CCN’s Ludwig Beukes says the nation’s moral values are in a state of decline


NE What is the mandate of CCN?
LB: CCN is an umbrella body, which comprises of churches through membership. The aim of the council is to meet the needs of its members. Before independence, CCN played a totally different role because at the time we were in a crisis. It was a war situation and the role then was implementing and spearheading on behalf of its member churches. After independence, the role changed. The member churches came together to discuss another role for CCN and that is the role of facilitating and capacity building of member churches, for them to implement and take action.”

NE: Build capacity in which areas?
LB: We are dealing with HIV/AIDS and we build capacity for churches to implement programmes on HIV/AIDS after giving them training on how to set them up within the church. How to run it, take care of sick people, and how to write reports.
It is our role to inform our member churches about human rights issues, to understand government policies, like we invited someone from the Office of the President to explain the Harambee Prosperity Plan. So that church leaders can be up to date on the plan and identify the church’s role.
CCN and the government signed a memorandum of understanding to say we are here to partner with government on different activities.
CCN is helping the government in the drought situation, it is also on the committee on anti-corruption, and we are involved in the liquor amendment act. There is now a committee on the children of the liberation struggle and we are there as well.

NE: What is CCN’s stance on sexual minorities?
LB: As churches we need to discuss this issue because some churches do not have the understanding of gay and lesbian issues. We are organizing a workshop and are getting people to give input on this issue, and then as churches they will reflect on it theologically.
From there they need to decide how they will understand and address this issue, because each church has its own doctrines and there are differences.
The constitution says it is open for people to be whatever they want to be. We will invite experts to talk about this issue, including from the LGTBI community and medical fraternity.
In the past some churches never discussed this and saw it as an abomination, until they started to get information, and awareness was created. This was the same with HIV/AIDS.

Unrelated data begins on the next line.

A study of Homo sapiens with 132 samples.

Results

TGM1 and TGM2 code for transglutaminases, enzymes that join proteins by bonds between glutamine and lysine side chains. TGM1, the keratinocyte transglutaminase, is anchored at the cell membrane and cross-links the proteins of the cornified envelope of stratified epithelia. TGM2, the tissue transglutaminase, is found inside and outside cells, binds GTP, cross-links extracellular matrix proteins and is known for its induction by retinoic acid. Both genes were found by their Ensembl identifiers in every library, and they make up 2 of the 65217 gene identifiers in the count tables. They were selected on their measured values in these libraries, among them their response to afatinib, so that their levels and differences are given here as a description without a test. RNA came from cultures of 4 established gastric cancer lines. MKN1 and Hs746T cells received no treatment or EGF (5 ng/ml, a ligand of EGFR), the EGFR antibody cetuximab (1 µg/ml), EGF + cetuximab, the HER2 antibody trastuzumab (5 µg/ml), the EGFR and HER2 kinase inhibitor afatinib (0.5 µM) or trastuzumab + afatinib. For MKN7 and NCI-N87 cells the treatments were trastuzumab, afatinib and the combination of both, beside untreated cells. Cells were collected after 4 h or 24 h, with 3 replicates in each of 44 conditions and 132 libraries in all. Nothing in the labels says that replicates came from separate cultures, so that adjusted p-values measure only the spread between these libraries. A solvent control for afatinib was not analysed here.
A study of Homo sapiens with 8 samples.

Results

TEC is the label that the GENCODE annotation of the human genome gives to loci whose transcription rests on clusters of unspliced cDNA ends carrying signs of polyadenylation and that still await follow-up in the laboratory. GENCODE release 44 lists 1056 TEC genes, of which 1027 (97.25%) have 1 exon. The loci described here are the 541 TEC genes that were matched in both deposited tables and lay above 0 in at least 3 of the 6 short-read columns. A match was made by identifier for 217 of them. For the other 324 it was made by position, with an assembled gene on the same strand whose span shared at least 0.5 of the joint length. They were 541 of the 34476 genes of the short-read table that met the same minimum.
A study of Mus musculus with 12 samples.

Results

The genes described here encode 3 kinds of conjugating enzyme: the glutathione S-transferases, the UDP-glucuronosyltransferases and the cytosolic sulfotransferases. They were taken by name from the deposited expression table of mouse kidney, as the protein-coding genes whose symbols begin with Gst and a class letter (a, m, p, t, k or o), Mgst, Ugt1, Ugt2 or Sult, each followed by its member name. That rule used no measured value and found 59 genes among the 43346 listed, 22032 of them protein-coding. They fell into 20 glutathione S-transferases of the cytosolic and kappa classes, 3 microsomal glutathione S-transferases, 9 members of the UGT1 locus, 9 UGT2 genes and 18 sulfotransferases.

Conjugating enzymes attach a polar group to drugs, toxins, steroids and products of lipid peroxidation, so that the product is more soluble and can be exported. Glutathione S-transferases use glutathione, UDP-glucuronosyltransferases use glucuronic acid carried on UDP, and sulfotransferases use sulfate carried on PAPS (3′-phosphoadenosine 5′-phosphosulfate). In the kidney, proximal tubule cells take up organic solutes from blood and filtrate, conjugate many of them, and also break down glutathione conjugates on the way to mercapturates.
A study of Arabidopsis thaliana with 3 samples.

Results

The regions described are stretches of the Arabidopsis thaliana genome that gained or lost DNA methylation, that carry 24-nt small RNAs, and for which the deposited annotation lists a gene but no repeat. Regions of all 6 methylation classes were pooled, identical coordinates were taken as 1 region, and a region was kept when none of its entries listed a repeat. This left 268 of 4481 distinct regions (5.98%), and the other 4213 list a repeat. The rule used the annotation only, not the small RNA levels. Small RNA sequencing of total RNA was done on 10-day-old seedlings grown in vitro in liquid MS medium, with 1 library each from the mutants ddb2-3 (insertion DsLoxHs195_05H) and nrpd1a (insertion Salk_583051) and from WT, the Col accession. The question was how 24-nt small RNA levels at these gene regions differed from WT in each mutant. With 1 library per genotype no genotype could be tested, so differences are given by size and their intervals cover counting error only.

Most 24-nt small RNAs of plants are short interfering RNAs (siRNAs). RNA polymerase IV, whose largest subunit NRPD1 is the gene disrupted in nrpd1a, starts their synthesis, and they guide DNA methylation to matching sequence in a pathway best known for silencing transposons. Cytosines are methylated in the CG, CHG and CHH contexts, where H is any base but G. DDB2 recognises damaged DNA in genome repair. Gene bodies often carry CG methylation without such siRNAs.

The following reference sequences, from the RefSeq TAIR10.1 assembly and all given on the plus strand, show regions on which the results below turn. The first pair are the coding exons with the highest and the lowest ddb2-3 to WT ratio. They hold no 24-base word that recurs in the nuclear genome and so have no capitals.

NE: Who funds the CCN?
LB: Before independence it was better – after independence it became difficult to get funding. The first level of funding is our own members that is a very small percentage. Secondly, we rent out facilities and thirdly, our funding is based on the proposals we put to donors on different programmes, like that on HIV/AIDS.
NE: Who are CCN’s members?
LB: Not all the churches in Namibia are members of CCN. We have 16 members. We have the mainline, which are the traditional churches like the Lutherans, Anglicans, Catholics and the AMEs, and then we have corporate members which are churches with a minimum of 5 000 members.
We also have those that are applying for observer status and these are churches that do not have that number [5 000].
We have associate members like the bible schools and other Christian organisations.

NE: What is CCN’s position on the state of the nation?
LB: As a church we are concerned when you talk about the morals in the country. We have the issue of killings, corruption, which is affecting the nation, people stealing money from the government.
It seems that moral values of people in the country are depleting. Look at alcohol abuse, people drink to get drunk, then start to cause harm to their own families, and then there is the issue of men sleeping with toddlers.
Maybe we put too much focus on creating jobs and building schools, but what type of people do we have?
We have issues like the drought that we cannot control but the social values and morals of the people are breaking down.

NE: How does CCN handle the proliferation of churches, some of which have defrauded and misled people?
LB: We have to look at the issues broadly, because even government sometimes says CCN must do something but most of the churches, even those doing these things, are registered with the ministry of trade.
Anyone can start a church and call themselves whatever they want to, there is no law that says what you are preaching is right or wrong.
Our people are desperate, we have unemployment, marital problems, so they exploit these situations in which people find themselves. They are very strategic and people are flocking to them.
Our constitution created that openness but somewhere government needs to come up with a guiding framework. It is freedom of association, worship and religion but within this, there is a need for some sort of guidance.
CCN is not a legal entity to tell churches what to do, but we are saying that we are willing to work together with government to come up with something where churches can be regulated.
You have professional councils which regulate certain professions – I think that when it comes to religion, we need some guiding principle to regulate these groupings.

NE: Would you propagate for the return of religious studies in the school curriculum?
LB: We are in a continuous discussion with government on how we can bring back religion to schools. Even if we start with the 10 Commandments.